Oracle Team USA guilty of breaching spying rules
The International Jury for the 34th America’s Cup has ruled in favour of Luna Rossa Challenge in its protest against Oracle Team USA for breaching of 'reconnaissance rules'. A decision on the penalty has yet to be determined.
Luna Rossa protested the America's Cup defender in early November, alleging that Oracle Team USA’s Matt Mason had been within a distance of 200m, while taking pictures of the Italian team's AC72. Luna Rossa alleged that Mason’s actions violated Article 37.2(g) of the 34th America’s Cup Protocol, which prohibits competitors from navigating within 200m of each other.
In its discussion and conclusions, the Jury determined that the “pivotal question is whether Oracle Team USA’s vessel was ‘navigating’ within 200m.” They referred to the Oxford English Dictionary (as stipulated by Protocol Article 1.3) to determine the definition of 'navigating'.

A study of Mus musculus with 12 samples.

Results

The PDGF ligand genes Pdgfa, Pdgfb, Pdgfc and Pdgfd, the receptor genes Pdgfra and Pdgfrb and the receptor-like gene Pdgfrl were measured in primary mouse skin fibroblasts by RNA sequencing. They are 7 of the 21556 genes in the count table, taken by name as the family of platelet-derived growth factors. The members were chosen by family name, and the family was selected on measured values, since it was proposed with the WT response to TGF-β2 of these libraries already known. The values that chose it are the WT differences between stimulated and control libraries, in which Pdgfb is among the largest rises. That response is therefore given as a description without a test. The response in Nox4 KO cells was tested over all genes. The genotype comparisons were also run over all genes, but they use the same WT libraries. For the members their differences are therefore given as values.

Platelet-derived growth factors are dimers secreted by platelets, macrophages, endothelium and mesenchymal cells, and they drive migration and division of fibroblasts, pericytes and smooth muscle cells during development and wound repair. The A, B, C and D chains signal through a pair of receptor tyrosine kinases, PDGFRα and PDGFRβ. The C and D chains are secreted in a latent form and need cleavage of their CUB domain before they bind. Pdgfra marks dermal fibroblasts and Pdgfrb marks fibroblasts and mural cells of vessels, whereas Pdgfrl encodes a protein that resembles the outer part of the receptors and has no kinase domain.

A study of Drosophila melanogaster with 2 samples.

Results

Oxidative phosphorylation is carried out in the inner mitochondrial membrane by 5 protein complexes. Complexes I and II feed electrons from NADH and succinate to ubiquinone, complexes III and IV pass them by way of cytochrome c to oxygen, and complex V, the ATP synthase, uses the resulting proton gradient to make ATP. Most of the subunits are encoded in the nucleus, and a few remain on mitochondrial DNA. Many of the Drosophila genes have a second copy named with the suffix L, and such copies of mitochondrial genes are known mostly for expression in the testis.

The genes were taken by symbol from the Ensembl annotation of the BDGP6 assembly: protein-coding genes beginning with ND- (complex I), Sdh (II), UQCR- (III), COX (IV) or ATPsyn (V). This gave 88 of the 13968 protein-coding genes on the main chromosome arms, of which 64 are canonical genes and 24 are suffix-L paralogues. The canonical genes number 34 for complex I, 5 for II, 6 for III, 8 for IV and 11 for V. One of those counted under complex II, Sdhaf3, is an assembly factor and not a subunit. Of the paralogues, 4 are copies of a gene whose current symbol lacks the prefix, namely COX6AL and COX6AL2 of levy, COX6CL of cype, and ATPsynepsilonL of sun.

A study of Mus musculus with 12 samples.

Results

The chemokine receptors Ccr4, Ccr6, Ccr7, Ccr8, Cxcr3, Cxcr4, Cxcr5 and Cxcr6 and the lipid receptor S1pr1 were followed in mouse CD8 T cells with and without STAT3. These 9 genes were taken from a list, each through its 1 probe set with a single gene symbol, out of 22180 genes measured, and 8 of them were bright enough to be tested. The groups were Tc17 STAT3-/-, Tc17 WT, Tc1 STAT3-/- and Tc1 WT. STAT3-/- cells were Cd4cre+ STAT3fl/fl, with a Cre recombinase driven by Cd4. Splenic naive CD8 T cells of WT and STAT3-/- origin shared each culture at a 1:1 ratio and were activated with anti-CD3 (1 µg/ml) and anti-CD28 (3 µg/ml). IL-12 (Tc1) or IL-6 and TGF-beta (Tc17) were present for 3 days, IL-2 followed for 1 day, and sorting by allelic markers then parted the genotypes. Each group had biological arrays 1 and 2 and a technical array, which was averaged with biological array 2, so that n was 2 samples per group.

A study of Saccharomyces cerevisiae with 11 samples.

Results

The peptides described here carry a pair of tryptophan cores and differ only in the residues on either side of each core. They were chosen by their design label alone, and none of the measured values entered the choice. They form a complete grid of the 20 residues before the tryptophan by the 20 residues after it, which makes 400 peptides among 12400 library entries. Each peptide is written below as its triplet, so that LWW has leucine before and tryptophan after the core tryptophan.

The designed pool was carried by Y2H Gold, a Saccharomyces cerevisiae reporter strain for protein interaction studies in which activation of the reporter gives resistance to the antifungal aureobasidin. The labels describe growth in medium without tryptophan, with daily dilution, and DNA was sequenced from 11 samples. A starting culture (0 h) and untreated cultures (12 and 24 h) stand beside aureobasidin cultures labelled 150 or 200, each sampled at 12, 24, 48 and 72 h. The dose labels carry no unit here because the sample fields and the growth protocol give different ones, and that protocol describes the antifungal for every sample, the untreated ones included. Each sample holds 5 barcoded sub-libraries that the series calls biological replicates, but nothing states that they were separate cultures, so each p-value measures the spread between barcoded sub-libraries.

It concluded that “the word ‘navigate’ as it is used in Protocol Article 37.2(g) is to be interpreted such that a vessel is still being ‘navigated’ while it is stationary if there is someone in command of it with the ability to manoeuvre the vessel.”
Oracle Team USA submitted that “to breach Article 37.2(g) OTUSA had to ‘…manage, steer, control or direct the course…’ of the OTUSA Protector to within 200m of the yacht (italics ours)”, suggesting that their vessel needed to be moving towards something in order for the driver to be “navigating a vessel.” The Jury disagreed with that view.
The Jury was satisfied that the taking of photographs during the incident was “an attempt to gain information about another Competitor” and that there was no prior consent by Luna Rossa.
The International Jury has invited parties to make submissions on the appropriate penalty, if any. It has also instructed Oracle Team USA to hand over to Luna Rossa and the Jury all photographic material taken while the Oracle Team USA vessel was within 200m.